Steve Swallow’s blending of pop and jazz in his tune “I’m Your Pal”

Hey everyone,

Our Journey Through The Real Book has brought us to #172, which is the wonderful Steve Swallow tune “I’m Your Pal.”

Swallow started out as part of the mid-to-late 1960s Boston jazz scene. It must have been an incredibly vibrant place to play music and share ideas with the other musicians there at the time, which included Chick Corea, Gary Burton and Keith Jarrett. All of these musicians were composing similar music at the time (and through the early 1970s) and my hunch is that Swallow influenced all of these more-famous musicians at least as much as they may have influenced him.

The first time I every played “I’m Your Pal,” it seemed strange and beyond my teenage comprehension. Over the years, however, I’ve become accustomed to how the melody and chords move from measure to measure and now I love playing the tune. If I can do it, you can too!

One of the fun aspects of the tune in how seamlessly Swallow blends jazz and pop. Traditional jazz chord progressions are followed by pure triads, and we can also mix elements of jazz and pop-style improvisation during our solos.

After I made the video, I went through it and listed all the musical topics that are covered. All of these add up to a well-rounded understanding of the tune itself and the pianistic approaches to playing it.

Here’s what you’ll learn about on the video:

Learning jazz standards in a holistic way 0:00
History of Steve Swallow’s “I’m Your Pal” 0:26
“I’m Your Pal” on 1967 Gary Burton’s album Lofty Fake Anagram 0:34
Steve Swallow and the late-1960s Boston jazz scene 1:06
Steve Swallow’s blend of pop and jazz in “I’m All Smiles” 1:22
Pop-influenced jazz as an alternative to the avant garde in the 1960s 1:26
The use of triads in Steve Swallow’s music 2:25
Stepwise bass movement in the music of Steve Swallow, Paul McCartney and Chick Corea 2:32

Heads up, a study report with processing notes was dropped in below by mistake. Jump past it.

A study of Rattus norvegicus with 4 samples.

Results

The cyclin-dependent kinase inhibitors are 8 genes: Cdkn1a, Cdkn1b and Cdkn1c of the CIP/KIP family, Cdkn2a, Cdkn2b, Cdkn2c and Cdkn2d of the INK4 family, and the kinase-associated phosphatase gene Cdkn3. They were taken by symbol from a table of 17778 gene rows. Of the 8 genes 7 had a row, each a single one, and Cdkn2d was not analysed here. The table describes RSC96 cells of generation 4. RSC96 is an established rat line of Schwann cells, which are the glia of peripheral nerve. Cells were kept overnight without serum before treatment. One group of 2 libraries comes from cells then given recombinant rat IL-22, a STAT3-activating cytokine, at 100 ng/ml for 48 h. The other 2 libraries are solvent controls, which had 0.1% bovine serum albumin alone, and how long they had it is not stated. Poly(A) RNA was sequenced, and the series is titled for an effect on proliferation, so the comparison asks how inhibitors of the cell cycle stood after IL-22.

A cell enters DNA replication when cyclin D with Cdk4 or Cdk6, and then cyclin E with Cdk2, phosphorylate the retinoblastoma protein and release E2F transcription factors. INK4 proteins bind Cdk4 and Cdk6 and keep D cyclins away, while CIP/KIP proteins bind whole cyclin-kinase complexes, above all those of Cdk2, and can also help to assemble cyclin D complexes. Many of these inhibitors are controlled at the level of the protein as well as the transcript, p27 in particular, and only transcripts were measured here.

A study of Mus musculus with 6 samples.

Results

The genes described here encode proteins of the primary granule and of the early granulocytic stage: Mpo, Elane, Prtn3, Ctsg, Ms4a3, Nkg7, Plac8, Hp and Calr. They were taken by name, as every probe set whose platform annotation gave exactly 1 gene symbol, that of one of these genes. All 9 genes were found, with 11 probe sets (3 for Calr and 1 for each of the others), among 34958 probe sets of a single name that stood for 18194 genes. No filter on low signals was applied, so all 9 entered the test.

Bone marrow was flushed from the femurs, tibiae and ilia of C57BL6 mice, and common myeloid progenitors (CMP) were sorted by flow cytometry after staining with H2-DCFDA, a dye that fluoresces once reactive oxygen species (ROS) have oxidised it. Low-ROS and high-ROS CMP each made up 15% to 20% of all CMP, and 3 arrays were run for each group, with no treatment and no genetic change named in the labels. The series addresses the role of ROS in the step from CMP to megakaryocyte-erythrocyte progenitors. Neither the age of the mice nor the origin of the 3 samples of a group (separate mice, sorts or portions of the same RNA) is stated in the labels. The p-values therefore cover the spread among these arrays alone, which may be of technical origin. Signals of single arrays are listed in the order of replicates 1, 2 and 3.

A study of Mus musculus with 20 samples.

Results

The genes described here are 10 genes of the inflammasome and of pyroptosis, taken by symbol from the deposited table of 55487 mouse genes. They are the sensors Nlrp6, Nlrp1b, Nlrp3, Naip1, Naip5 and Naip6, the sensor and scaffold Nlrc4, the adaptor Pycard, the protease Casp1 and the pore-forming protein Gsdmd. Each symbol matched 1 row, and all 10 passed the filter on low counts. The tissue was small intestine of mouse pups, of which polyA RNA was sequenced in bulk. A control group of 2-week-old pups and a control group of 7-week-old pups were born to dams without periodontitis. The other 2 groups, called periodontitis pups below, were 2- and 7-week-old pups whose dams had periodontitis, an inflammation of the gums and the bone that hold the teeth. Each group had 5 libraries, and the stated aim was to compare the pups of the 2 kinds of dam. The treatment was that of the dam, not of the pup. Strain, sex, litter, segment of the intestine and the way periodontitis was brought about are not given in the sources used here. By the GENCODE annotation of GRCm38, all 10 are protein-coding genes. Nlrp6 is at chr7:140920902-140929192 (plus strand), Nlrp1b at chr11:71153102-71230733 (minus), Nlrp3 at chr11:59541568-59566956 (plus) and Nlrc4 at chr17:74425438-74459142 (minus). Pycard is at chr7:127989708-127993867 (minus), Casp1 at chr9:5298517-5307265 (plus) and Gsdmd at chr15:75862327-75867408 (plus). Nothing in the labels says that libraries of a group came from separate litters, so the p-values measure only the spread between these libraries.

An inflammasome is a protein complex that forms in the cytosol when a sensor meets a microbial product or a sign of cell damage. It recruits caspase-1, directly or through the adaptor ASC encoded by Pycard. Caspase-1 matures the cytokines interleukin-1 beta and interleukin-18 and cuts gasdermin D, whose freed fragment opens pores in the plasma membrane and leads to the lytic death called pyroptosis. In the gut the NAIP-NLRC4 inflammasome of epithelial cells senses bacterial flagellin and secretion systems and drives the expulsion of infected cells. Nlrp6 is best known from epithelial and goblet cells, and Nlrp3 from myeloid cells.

Making music that appeals to both jazz and pop audiences 2:48
The version of “I’m Your Pal” on the album Lofty Fake Anagram 3:16
The version of “I’m Your Pal” on the album Crystal Silence 3:43
The similarity of music composed by Chick Corea, Gary Burton, Steve Swallow, and Keith Jarrett 4:55
Starting with a “free” intro, beginning with an open-sounding C major voicing 6:18
The melody 6:56
Bringing in some melodic inner-voice motion 7:26
Beginning the improvised solo with a simple repeated note 7:52
Developing a triadic motif 8:02
Coming back to the repeated note idea 8:09
A descending 5th motif 8:14
Using more expansive lines and textures 8:50
Having fun with “broken” chord voicings 9:40
A C2 pop-like voicing 9:43
Block chords 9:45
Joe Zawinul-inspired soloing 10:06
A hint of gospel 10:34
Improvising over a G pedal tone 10:38
Going back to the tune’s chord changes 10:57
Abdullah Ibrahim-inspired tremolos 11:12
Returning to the G pedal tone 11:39
Transitioning to the tune again for the ending 12:03
Getting started with playing Steve Swallow tunes 12:25
Using a wide range of musical influences into our piano playing 13:11
Using pedal points a la Keith Jarrett 13:35
The unique arc of some Wayne Shorter solos 13:58
The benefits of staying with a tune over time 14:33
Finding the unique “door” that will help you personally become a better pianist 14:54

Here’s the video:

Have fun playing this special composition, and “let the music flow!”